January 2010

PAEDO ALERT: Child rapist flees Weymouth

CONVICTED CHILD rapist David Payne fled Weymouth as the Echo tracked him down to his town centre hideaway.

Payne grabbed his belongings and ran from his Great George Street flat as anger mounted about him being allowed to move to the resort.

The 64-year-old former children’s entertainer, who was jailed for 12 years for a string of sex offences on girls as young as four, refused to speak to the Dorset Echo as he ran to a waiting car.

Neighbours said they were horrified to learn they had been living next door to a convicted paedophile.

Worried parents launched a campaign to force father-of-two Payne out of town after it was reported that he is deemed such a danger he is banned from going near beaches.

Families spoke of their fears for their children and of Weymouth’s image as a family resort.

Payne, originally from Burton, near Chippenham in Wiltshire, was released from prison early in spring 2008.

It is understood he first came to Dorset soon after he was let out of jail and was placed in a Bournemouth hostel.

Payne, who is on the sex offenders’ register, is being managed by police and probation services and it is understood there are restrictions on his movements.

Up until yesterday Payne was among more than 460 sex offenders living in Dorset.

Residents of Great George Street said they were shocked by the revelation that Payne was living in their midst.

Dad of two Rob McDonald, aged 41, of Great George Street said: “It’s outrageous that he was living here.

“No-one had a clue that someone like that was here. We should have been told.

“I’ve got kids myself and it’s shocking to think a man like that was living in our street.

Student Jack Lonergan, aged 16, who was visiting family members in the street, said: “It may be that he poses no threat but I think that Weymouth is the wrong place for him.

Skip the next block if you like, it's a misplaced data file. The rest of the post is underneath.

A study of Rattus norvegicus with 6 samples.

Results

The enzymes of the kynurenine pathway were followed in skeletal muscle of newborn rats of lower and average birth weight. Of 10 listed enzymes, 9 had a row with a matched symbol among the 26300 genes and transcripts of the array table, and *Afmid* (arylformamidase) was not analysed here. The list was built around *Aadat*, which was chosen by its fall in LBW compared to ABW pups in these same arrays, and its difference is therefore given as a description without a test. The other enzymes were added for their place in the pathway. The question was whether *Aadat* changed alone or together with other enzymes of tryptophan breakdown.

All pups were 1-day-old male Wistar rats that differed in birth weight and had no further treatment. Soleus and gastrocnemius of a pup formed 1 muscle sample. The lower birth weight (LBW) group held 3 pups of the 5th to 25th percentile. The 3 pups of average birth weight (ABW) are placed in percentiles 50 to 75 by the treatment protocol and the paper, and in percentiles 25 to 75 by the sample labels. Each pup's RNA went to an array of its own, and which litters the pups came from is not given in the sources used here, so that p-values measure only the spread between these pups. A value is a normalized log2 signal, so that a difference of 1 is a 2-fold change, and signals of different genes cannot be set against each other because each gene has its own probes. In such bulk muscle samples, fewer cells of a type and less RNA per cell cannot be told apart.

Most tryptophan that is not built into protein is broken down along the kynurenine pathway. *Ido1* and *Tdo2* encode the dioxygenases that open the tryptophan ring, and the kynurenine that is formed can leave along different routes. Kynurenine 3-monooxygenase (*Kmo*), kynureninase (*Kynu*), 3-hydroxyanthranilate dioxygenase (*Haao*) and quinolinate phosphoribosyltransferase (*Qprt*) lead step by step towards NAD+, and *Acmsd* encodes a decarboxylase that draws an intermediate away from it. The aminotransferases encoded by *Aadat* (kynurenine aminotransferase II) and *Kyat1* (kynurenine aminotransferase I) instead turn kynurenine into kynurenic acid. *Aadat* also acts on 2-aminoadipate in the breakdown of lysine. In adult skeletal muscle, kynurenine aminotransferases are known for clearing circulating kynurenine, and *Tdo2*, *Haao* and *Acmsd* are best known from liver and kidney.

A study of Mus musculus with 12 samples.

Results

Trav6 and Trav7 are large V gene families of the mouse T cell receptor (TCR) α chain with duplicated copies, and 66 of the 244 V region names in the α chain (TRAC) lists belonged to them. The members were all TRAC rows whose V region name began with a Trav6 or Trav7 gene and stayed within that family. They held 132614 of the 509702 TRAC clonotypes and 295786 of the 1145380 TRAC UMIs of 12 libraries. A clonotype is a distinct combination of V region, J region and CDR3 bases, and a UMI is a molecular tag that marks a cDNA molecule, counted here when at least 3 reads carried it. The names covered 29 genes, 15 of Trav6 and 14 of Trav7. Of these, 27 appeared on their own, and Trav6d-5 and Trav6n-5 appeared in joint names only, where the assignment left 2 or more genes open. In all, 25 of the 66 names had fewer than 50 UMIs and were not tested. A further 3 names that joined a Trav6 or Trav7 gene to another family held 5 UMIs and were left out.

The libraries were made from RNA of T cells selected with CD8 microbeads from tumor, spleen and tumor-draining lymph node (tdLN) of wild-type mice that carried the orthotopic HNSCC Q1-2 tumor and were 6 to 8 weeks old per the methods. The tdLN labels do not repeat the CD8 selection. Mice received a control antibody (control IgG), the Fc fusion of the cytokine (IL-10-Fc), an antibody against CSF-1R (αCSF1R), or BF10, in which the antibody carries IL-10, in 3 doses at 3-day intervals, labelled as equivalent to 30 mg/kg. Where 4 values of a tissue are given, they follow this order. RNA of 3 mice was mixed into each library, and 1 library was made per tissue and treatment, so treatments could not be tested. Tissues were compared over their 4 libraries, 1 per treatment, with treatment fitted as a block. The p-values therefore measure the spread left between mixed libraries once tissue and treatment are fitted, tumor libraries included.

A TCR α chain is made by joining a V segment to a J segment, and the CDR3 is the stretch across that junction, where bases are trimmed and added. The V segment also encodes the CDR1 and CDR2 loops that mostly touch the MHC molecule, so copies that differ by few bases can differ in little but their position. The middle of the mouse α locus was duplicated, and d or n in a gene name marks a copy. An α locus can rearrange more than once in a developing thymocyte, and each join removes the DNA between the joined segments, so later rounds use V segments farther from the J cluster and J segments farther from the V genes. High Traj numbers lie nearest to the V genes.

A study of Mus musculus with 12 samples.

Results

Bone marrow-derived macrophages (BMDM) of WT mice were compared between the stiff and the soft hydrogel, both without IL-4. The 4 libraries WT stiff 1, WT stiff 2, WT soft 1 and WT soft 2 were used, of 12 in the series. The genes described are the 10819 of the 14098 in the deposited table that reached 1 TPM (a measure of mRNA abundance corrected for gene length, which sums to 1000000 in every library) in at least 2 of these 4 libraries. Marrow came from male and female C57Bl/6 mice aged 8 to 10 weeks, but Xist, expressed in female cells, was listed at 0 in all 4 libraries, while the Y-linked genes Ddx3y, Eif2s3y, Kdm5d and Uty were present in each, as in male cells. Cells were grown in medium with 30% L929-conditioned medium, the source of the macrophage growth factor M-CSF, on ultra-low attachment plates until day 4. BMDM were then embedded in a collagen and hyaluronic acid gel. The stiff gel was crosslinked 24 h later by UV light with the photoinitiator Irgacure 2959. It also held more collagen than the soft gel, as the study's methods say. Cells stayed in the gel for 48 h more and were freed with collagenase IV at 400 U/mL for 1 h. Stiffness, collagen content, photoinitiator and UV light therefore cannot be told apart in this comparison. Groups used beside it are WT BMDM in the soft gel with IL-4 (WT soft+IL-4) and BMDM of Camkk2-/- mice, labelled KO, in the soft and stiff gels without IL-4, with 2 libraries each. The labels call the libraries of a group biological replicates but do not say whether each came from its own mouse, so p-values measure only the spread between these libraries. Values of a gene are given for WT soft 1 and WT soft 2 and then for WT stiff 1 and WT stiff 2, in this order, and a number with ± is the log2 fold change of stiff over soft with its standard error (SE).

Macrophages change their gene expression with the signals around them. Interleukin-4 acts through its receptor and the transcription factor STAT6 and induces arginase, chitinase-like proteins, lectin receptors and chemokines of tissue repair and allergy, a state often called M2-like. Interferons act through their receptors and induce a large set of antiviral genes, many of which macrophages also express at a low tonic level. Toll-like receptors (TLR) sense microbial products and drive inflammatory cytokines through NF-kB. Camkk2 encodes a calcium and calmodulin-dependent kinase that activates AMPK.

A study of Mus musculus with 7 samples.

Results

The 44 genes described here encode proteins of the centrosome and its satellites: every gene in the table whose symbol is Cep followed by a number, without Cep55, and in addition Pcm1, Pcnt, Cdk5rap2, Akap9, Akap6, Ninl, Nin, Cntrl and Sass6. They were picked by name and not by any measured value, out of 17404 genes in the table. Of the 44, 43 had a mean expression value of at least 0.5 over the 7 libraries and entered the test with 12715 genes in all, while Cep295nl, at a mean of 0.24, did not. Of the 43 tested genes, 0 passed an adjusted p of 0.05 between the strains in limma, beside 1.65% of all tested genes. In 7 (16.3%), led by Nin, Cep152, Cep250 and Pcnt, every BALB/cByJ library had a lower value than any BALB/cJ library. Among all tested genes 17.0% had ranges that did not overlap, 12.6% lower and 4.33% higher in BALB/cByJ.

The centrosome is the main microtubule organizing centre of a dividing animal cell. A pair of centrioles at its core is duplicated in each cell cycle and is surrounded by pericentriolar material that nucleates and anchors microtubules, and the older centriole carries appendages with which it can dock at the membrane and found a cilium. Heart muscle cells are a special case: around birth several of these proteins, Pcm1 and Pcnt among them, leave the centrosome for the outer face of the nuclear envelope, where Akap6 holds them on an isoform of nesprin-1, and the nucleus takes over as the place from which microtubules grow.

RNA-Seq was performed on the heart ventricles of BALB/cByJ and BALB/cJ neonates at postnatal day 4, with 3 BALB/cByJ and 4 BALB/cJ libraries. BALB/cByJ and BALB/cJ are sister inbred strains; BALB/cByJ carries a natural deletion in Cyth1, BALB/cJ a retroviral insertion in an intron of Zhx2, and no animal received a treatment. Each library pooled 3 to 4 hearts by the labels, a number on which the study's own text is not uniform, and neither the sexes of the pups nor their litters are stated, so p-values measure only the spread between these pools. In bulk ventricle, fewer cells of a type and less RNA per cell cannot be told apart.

“I mean, there’s children walking around half naked on the beach in the summer. Families feel safe here.”

A woman who lives next door to Payne’s flat who didn’t want to be named said: “I not aware of any kids who live in the street, there’s a lot of bedsits around here.

“But it still doesn’t seem the right place for a man like that. If it’s true he’s not allowed near beaches this is totally inappropriate.”

Another neighbour said: “Most people keep themselves to themselves round here so you wouldn’t know who was living next door to you. As a parent I’m really shocked. I had no idea.”

Grandmother Gloria Doherty, aged 62, who lives round the corner from the flat, said: “It’s beyond belief.

“Not only is he a danger to children but this could ruin the economy of our town which is reliant on tourism.

“My grandchildren are due to come down at half-term but I don’t think I’d feel comfortable having them here with this man around.

“If it was up to me I’d put him in a boat in the middle of the Atlantic.”

Portland dad Brent Stone, aged 37, said “I would be tempted to say something to him if I saw him in the street.

“He should leave town for his own safety.”

Dian Broadley used to live in Weymouth and is now considering a move back to the resort to launch a new business.

She said: “With all the stories I’ve read about drunks and druggies, and now this, I am seriously considering whether to come back at all. I’m absolutely horrified.”

A Dorset Police spokes-man said: “Public safety is always our priority. David Payne is on the sex offenders register and is subject to Multi-Agency Public Protec-tion Arrangements (MAPPA).

“Led by the Police, Prob-ation and Prison Services, these arrangements are a proven way to manage offenders and complex cases through multi-agency co-operation.

“Information is shared between agencies, disclosed to other parties where relevant and risk assessments and action plans are agreed.”

The Probation Service said Payne had been adequately risk-assessed and monitored and had not breached any conditions.

A spokesman said Payne may have been banned from going near beaches in the past but ‘this was no longer an issue’.

The spokesman said: “Public protection is our first priority and we have robust mechanisms to manage sex offenders effectively if they are living in the community.

“Sex offenders who are released from prison on licence will be monitored and supervised by the Probation Service in the community and can be recalled to custody if they breach their licence conditions.

“Through MAPPA, agencies strive to minimise the risk posed by offenders through continuous assessment and management.”